Newsletter Issue #116

Published: 2022-05-17

Google I|O 2022 happened, and we have the pictures (well, OK, videos) to prove it!

Beyond that, we peek at what’s new in the beta01 releases for Compose and Wear Compose. We look at the underpinnings of the state system and how to leverage drawBehind() for performance. We see libraries for credit card fields and app intros. And, we learn what a “horologist” is, at least from the standpoint of Wear Compose.

Beta Breakdown

Reviewing the release notes for the latest Jetpack Compose update!

1.2.0-beta01 was released in time for Google I|O 2022. Of note:

  • We got several changes to the line height APIs, mostly types being renamed, plus LineHeightBehavior (to control what happens with the top and bottom lines of text)

  • LazyLayoutItemsProvider received several changes

  • TextStyle and SpanStyle now have access to a Brush for gradient fills

  • We got a new platform-independent test API, in the form of ComposeUiTest interface — implementations (AndroidComposeUITest and DesktopComposeUiTest) can run Compose tests without a TestRule

Wear Compose also went to a beta (1.0.0-beta01). Of note there:

  • CurvedModifier.padding...() functions are now available to provide more space around a curved component

  • AppCard() and TitleCard() now have an enabled parameter

One Off the Stack, One Off the Slack

You’ve got questions. That’s understandable!

Why Does My Layout() Ignore My Size?

Layout() works a bit differently than do simpler container composables like Box() or Column() when it comes to sizing its contents. Learn more in this week’s highlighted Stack Overflow question.

Is Mutating State From a ViewModel Constructor OK?

In short: no, it is not OK. However, this is a subtle issue and one that you might easily miss… until you get an inscrutable error message and massive stack trace. Learn more in this week’s highlighted Kotlinlang #compose Slack thread.

Composable Commentary

Posts, videos, and other new information related to Jetpack Compose!

What’s new in Jetpack Compose

This official blog post was released as part of Google I|O 2022 and mostly covers what is included in Compose 1.2. Note that this post covers items new since Compose 1.1, not just what is new in the Compose 1.2 beta.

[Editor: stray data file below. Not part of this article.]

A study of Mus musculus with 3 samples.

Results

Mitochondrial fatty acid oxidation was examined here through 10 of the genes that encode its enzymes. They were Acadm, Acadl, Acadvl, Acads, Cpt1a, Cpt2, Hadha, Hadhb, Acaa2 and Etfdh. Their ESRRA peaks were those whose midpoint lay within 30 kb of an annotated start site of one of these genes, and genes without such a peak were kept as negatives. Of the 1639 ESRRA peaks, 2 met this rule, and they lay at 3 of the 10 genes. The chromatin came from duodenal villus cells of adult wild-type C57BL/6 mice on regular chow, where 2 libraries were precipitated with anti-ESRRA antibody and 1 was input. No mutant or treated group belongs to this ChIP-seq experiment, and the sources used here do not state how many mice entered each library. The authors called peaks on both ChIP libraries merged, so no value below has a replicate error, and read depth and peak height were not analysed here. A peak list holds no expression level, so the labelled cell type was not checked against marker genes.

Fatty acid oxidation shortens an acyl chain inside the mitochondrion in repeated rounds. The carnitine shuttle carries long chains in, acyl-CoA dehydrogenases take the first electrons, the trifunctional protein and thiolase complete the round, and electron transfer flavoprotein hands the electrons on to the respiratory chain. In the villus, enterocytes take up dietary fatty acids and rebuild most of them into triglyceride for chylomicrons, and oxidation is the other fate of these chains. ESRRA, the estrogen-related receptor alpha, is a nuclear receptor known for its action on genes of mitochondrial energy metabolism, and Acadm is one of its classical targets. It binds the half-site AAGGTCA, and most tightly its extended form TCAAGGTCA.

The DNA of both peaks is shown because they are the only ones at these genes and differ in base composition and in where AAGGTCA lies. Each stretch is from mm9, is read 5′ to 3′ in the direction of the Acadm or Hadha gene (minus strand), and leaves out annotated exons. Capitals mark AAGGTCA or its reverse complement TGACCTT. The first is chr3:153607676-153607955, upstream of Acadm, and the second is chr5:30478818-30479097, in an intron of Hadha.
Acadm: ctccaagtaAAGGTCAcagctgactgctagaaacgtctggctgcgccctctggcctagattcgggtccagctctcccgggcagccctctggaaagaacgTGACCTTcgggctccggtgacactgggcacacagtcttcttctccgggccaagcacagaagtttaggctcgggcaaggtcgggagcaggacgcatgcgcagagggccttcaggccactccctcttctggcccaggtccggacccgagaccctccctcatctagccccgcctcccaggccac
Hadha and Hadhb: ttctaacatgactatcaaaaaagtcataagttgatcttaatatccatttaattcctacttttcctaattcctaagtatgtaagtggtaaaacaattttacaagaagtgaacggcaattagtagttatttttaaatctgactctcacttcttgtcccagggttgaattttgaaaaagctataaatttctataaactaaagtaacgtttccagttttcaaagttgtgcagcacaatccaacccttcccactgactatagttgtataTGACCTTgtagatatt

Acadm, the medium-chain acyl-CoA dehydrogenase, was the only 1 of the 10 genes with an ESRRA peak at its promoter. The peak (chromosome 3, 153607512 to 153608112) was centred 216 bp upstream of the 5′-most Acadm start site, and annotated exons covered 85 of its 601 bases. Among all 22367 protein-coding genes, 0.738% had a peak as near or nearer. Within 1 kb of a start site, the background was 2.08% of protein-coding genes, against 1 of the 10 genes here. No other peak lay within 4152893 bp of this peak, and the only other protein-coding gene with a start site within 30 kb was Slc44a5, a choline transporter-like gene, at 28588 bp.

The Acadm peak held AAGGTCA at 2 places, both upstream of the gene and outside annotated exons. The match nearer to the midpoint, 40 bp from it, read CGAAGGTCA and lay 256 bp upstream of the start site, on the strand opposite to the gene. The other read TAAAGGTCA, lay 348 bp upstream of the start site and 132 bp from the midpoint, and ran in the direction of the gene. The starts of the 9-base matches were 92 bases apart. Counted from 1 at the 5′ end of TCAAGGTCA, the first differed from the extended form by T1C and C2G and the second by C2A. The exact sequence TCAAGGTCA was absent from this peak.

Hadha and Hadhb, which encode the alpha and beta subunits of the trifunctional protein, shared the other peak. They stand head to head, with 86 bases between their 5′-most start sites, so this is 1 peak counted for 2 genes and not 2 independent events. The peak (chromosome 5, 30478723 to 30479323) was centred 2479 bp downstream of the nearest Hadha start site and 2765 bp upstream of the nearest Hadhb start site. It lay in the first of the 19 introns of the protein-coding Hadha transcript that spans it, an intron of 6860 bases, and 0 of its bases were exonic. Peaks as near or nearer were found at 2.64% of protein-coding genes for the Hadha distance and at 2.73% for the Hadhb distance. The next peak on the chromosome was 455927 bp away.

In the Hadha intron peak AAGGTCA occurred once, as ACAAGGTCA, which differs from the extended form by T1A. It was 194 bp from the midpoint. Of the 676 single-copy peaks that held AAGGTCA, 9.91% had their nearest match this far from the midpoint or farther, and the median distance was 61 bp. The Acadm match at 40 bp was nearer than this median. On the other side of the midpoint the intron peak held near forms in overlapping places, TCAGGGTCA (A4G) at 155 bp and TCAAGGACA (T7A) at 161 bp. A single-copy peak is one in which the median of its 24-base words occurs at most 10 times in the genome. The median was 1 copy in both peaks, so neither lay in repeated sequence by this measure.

Airbnb uses Jetpack Compose to empower devs to do their best work

This is another official “puff piece” from Google about Compose UI, this time looking at the work being done by Airbnb.

Implementing snapshot-aware data structures

Google’s Zach Klippenstein continues a deep dive into how snapshots work “under the hood”. This time, Zach explores the details behind “state objects” and how the snapshot system uses a version control system to keep state atomic within a snapshot but mutable between snapshots. As Zach puts it, “these details are not at all necessary to use Compose even for many advanced use cases, and you can have a whole successful career as a Compose developer without knowing any of it. It’s just really, really cool.”

Compose phases and optimizations

James Shvarts continues a tour of Compose concepts, this time looking at the three phases of Compose UI rendering: composition, layout, and drawing. In particular, James looks at how we can skip one (or more) of those phases for a frame, to improve performance.

Video: Strategies for Migrating to Jetpack Compose

Mohit Sarveiya delivered a presentation for Android Worldwide reviewing many aspects of migrating large code bases to Compose UI. Mohit covers everything from testing and interop with legacy code to language support and issues with Kotlin version compatibility.

Resource Roundup

100% pure code!


Just as Accompanist is Google’s extension library for Compose UI, Horologist is Google’s extension library for Compose for Wear (and other Wear OS development). It is possible that some of these things will be promoted into Compose for Wear in the future.

GitHub: android / nowinandroid

Google also released an app for Now In Android, the weekly blog / podcast / video covering official Android news. The app was written in Compose Material and is designed to serve as a first-class demonstration of Compose techniques, in addition to being directly useful for obtaining Android content.

GitHub: AndroidPoet / App-intro

Ranbir Singh created a Compose UI-based framework for creating those step-at-a-time app introduction wizards, where you supply composables for what goes on each page and the framework handles transitions.

GitHub: SteliosPapamichail / CreditCardHelper

Stelios Papamichail created a handful of utility functions for working with credit card numbers in Compose UI, including CardNumberMask and ExpirationDateMask visual transformations for fields.

GitHub: JamalMulla / ComposePrefs3

Jamal Mulla is back, this time with a Material3 implementation of a preference UI, following up on his earlier Compose Material preference UI.

…And One More Thing

Google I|O 2022 is in the books, and remarkably few ground-breaking improvements came out of it for Compose developers. Admittedly, the Live Edit experience added to Android Studio Electric Eel was shocking to see.

(and, if you didn’t expect that awful pun, you don’t know me very well…)

Tooling improvements like that are very welcome. But if you were expecting Compose for Stoves, or a new “Material Us” design language with Compose support, you may have been disappointed. We got new betas, and some more Google libraries and samples, but that was about it. IMHO, going a bit slow this cycle is not a bad thing, in that it helps the broader Android ecosystem catch up. While many developers love a cycle of continuous change, many other developers deeply resent the “hamster wheel” that continuous change represents.

Here are YouTube links for the I|O 2022 sessions that specifically called out Compose in their descriptions, from my roster from two weeks ago.